Spring is a great time to spot migratory species
By Marsha Barancik
Naturalist Dave Sutherland consults an unlikely source when he’s birdwatching around Boulder County—a Costa Rica birding guidebook.
That’s because many of our nesting songbirds winter in Central America before making their way here in spring to breed along our ponds and creeks, as the cackling geese that dominated our waterways in the winter get ready to move out.
The beauty of birding is its unpredictability. Sutherland, who recently retired from Boulder’s Open Space and Mountain Parks after 25 years and now leads his own birding hikes (COVID permitting), says that even as the volume of migrants drops, rare sightings are always possible. “Every year is up for grabs,” he says. “You never know what kind of rarity might fly in,” based on storms, wind patterns and other variables. For example, unexpected numbers of hooded merganser ducks were prevalent in 2021, although rationale for their spike is unclear.
“This is why we keep doing it; it’s always different,” explains Sheridan Samano, founder of the Birding and Beers Meetup and author of “Best Birding Hikes: Colorado’s Front Range.”
To spot more birds, Samano and Sutherland say, take note of when species are most active. While waterfowl species are evident at any time of day, songbirds are most active in the morning as they look for food, and birds of prey are commonly seen hunting midday.
Samano and Sutherland also remind birders to avoid peeping into nests: “Do nothing that could disrupt an eating or nesting bird,” says Samano.
Here are these experts’ favorite tips for BoCo spring birdwatching:
Waterfowl kick off the breeding season across Sawhill Ponds, Waneka Lake, Pella Crossing and area creeks early in the year. From shoreline trails, look for diving ducks, such as common goldeneye, buffleheads, mergansers and redhead species in the center of ponds. Find red-winged and yellow-headed blackbirds on shores and in cattails. Large migratory species such as the American white pelican and ospreys like to fish in local waters.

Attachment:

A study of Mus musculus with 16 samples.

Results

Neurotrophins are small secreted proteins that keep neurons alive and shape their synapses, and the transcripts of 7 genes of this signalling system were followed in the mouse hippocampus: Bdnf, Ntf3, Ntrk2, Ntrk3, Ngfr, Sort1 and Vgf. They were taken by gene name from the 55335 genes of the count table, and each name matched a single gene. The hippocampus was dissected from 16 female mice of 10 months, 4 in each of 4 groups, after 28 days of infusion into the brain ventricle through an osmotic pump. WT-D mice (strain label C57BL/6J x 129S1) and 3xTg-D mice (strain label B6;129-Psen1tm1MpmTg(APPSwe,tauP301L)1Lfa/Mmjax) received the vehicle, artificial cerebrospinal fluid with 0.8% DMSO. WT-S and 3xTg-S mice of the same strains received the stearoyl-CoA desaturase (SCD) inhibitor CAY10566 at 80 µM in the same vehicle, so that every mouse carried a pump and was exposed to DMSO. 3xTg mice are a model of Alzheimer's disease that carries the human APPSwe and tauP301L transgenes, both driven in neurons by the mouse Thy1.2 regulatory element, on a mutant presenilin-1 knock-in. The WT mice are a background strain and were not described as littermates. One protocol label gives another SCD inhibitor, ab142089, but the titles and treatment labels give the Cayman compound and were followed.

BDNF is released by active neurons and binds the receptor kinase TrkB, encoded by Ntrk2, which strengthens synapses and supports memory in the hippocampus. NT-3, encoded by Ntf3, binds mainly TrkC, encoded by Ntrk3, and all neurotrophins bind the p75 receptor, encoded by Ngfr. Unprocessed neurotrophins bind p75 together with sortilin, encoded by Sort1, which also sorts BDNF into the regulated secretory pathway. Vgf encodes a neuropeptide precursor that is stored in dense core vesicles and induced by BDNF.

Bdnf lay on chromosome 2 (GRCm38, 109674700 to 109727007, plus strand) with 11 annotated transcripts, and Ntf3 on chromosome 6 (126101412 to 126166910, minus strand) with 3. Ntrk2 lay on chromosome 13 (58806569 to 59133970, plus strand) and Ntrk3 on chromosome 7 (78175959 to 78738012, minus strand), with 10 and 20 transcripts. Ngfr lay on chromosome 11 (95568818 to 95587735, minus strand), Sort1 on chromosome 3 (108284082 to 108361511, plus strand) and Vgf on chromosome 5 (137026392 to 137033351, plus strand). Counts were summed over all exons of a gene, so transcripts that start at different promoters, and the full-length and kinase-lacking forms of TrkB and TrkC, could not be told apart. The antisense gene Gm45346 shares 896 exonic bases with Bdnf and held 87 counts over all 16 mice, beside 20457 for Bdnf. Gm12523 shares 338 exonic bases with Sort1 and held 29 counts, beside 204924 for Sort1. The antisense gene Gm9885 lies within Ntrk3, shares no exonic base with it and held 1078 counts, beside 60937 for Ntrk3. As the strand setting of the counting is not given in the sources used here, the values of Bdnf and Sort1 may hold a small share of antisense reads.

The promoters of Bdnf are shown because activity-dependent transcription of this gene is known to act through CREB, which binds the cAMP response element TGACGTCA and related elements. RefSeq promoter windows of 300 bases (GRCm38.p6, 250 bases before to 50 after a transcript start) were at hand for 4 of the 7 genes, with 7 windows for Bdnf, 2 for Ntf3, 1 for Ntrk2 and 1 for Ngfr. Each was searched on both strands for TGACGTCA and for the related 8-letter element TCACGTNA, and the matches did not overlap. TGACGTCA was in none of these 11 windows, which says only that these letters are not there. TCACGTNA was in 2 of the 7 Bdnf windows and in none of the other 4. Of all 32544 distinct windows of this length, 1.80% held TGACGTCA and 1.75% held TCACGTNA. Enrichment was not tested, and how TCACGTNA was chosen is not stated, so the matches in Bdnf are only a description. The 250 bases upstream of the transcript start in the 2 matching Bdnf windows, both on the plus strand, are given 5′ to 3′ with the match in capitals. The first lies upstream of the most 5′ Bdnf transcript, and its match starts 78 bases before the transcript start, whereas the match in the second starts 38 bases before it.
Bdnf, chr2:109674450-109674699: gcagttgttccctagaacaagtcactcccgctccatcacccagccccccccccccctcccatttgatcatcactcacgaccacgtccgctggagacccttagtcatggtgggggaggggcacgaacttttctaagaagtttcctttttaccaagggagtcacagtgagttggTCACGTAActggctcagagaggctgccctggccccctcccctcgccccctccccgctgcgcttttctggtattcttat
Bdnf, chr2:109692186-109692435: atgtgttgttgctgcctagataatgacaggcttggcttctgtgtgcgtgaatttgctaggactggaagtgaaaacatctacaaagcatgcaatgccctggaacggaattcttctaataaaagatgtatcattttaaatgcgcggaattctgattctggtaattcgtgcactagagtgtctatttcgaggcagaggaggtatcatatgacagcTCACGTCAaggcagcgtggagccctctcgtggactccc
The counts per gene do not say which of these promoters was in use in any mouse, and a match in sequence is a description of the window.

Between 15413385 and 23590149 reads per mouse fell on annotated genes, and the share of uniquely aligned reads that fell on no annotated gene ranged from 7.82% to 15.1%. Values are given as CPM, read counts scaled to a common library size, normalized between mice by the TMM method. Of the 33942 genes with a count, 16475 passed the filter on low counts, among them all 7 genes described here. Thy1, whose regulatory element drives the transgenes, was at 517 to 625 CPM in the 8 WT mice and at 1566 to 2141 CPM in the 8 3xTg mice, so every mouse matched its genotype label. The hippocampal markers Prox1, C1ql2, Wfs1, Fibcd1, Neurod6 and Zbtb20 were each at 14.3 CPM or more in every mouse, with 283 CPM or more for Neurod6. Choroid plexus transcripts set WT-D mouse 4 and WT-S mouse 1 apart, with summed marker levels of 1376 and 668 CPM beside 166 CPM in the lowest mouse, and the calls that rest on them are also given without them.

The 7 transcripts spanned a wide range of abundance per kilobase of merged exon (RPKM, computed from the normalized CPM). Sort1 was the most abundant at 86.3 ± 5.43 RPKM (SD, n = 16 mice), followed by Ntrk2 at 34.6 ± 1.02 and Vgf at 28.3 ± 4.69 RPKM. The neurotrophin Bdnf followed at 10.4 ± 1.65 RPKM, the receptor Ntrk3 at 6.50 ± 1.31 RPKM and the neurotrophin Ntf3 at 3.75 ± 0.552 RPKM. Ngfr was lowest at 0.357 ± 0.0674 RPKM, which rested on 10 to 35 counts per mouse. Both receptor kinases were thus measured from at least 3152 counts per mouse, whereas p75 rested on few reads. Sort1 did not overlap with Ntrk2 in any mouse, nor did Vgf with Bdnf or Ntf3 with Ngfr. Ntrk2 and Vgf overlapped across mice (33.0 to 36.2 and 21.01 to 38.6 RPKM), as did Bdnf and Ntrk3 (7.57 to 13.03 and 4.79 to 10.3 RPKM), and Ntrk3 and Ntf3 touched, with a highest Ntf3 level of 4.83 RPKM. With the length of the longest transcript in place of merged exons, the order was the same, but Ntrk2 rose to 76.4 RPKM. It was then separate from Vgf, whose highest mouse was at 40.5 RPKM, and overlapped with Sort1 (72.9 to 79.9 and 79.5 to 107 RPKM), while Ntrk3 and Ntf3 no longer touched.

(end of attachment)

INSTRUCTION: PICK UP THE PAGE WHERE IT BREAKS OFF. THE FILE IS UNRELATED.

Colorful songbirds that feast on insects and fruit typically phase in during April. Usual suspects documented by local birders during the 2021 breeding season include tanagers, flycatchers, Western kingbirds, warblers and orioles.
Raptors often rebuild and reuse the same nests each year. April through June, it’s easy to find red-tailed hawks, ospreys and bald and golden eagles breeding locally. Falcons nest in the Flatirons, while Swainson’s hawks seek open space and burrowing owls exclusively nest in abandoned prairie dog burrows. (Samano has also observed Swainson’s hawks breeding at Waneka Lake.) Keep in mind that not all raptor activity is obvious to the naked eye. For instance, kestrels, the smallest raptor species in the area, nest in woodpecker holes and wooden boxes.
- To learn where and what some raptors hunt, visit the raptor loop map.
- Osprey nest activity can be viewed at Boulder County’s live osprey nest feed.
- Hang out with other birders (and birdwatching experts) at Lafayette Birds! First Sunday Bird Watching. Visit lafayetteco.gov/calendar for details.
- To document your finds (and see what other local birdwatchers have found), check out the public database at ebird.org.